In his early years, Steve Wiersma didn’t stray very far from his native Grand Rapids. He also went to his local college, Calvin, with the intent to go into one of the sciences.
But starting at Calvin, his interests and his work went very global.
“Calvin gave me a tremendous exposure to the world and all that’s possible,” he said. “There were incredible profs, and fellow students were stimulating. It all started a passion in me to be where the problems were the most intense.”
He shifted into the pre-med program and sought out challenging experiences at Calvin and at Wayne State University’s medical school.
“I remember a three-month surgical tour in the Congo for Africa Inland Mission, doing surgery no student had any business doing,” he recalled. “It struck me that when the missionary surgeon would go on furlough, the work would stop whereas the guy in public health was always training and empowering.”
The experience reminded him of classes at Calvin in sustainability, about how one can sustain efforts long-term.
This combination of medicine and public health in places of greatest need became Wiersma’s calling.
His medical residency was financed by the Air Force, so when he graduated his first work was as a flight surgeon, “keeping people healthy.” He served in the First Gulf War and in northern Turkey.
Upon his return to the U.S., Wiersma added a public health degree from Johns Hopkins University to prepare for the calling he continued to feel strongly.
Equipped to serve, Wiersma launched into the world—with impressive energy.
He worked for the World Health Organization (WHO) in Geneva, Switzerland, and then spent time under the WHO’s auspices in Zambia on HIV child survival programs. Then, it was USAID’s turn to use his expertise—in Eritrea dealing with nutrition issues.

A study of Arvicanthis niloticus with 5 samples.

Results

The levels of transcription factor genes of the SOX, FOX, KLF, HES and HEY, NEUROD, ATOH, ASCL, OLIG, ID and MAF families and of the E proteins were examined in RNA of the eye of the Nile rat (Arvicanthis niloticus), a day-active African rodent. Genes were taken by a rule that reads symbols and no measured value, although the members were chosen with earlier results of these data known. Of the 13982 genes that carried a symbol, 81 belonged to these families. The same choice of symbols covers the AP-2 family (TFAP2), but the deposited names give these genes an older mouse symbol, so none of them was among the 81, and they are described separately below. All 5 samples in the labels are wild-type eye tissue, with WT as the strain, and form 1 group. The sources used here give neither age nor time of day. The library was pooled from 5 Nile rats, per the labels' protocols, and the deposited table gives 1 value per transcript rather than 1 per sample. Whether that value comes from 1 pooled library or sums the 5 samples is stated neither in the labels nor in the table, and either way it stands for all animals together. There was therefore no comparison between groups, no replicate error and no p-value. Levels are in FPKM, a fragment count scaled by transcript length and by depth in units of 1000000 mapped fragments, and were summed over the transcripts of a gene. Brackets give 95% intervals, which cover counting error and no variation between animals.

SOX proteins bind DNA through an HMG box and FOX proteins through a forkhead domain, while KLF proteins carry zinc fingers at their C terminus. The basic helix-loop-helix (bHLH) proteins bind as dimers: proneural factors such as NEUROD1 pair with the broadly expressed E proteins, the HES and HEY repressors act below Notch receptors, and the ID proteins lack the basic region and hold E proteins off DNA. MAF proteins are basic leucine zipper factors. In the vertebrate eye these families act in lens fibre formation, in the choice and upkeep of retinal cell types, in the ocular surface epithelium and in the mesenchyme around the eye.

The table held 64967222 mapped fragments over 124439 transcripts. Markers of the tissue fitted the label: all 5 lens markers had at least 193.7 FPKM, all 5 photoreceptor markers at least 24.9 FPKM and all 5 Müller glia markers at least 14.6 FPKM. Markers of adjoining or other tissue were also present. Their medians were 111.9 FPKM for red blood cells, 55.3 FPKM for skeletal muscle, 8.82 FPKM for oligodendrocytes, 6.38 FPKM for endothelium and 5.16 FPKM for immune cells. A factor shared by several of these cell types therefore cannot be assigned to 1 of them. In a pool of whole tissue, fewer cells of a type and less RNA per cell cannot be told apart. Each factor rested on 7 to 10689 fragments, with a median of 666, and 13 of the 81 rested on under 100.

Coming back to the U.S., Wiersma worked for the State of Florida as an epidemiologist and wrestled with two difficult health problems while there: the anthrax scare after 9/11 and the West Nile Virus.
“That time in Florida embodied a lot of crisis management,” he said.
Next, he took a position at the Center for Disease Control (CDC) to work for the WHO on infant immunization with a focus on hepatitis B, which developed into a global hepatitis program. Then, it was Tanzania, training locals to be “disease detectives” in a pro-active health effort.
Now, he finds himself in Uganda, to expand a CDC global disease prevention program centered on HIV/AIDS, but also encompassing Ebola, malaria and other chronic health issues.
“In a way my path is a kind of Forrest Gump story,” he said. “I’ve never had a typical job. And I’m a job jumper, finding opportunities and answering God’s call in a variety of settings.”
Wiersma is excited about the progress in disease prevention and health promotion in Uganda and throughout Africa.
“I think Uganda is influencing me rather than me influencing Uganda,” he said. “There are a lot of issues of accountability that’s frustrating, but we are beginning to work as a very competent team. I never imagined an African country getting rid of HIV, but I see hope in the distance.”
Treating HIV as one would an outbreak, Wiersma’s team has come far in the identification of persons with the disease and the dispersal of drugs, demonstrating that the disease can be suppressed.
“It’s epidemiology, a numbers game,” he said. “The more people who are treated, the closer you can come to a tipping point.”
It is this kind of impact in the field—where the problems are the most intense—that motivates Wiersma.
“I keep talking about the field in my job, that I want to get back to the field,” he said. “Because that’s when you are really out there sitting by the mother who is grieving or the child who is coughing.”
He is driven by what he calls the “global burden of disease”—places in the world where hope seems dim and illnesses seem insurmountable.
The recent global effort against the Ebola outbreak is, for him, another demonstration that success can be achieved. Wiersma calls that episode one of “optimism for the continent;” he was energized by the African response to the challenge.
And he intends to be part of the effort, as long as he is able.
“There are so many people out there who are sick that don’t have anyone who cares about them or anyone who has anything meaningful to offer them,” said Wiersma. “I just want to be part of the team that has something to offer them.”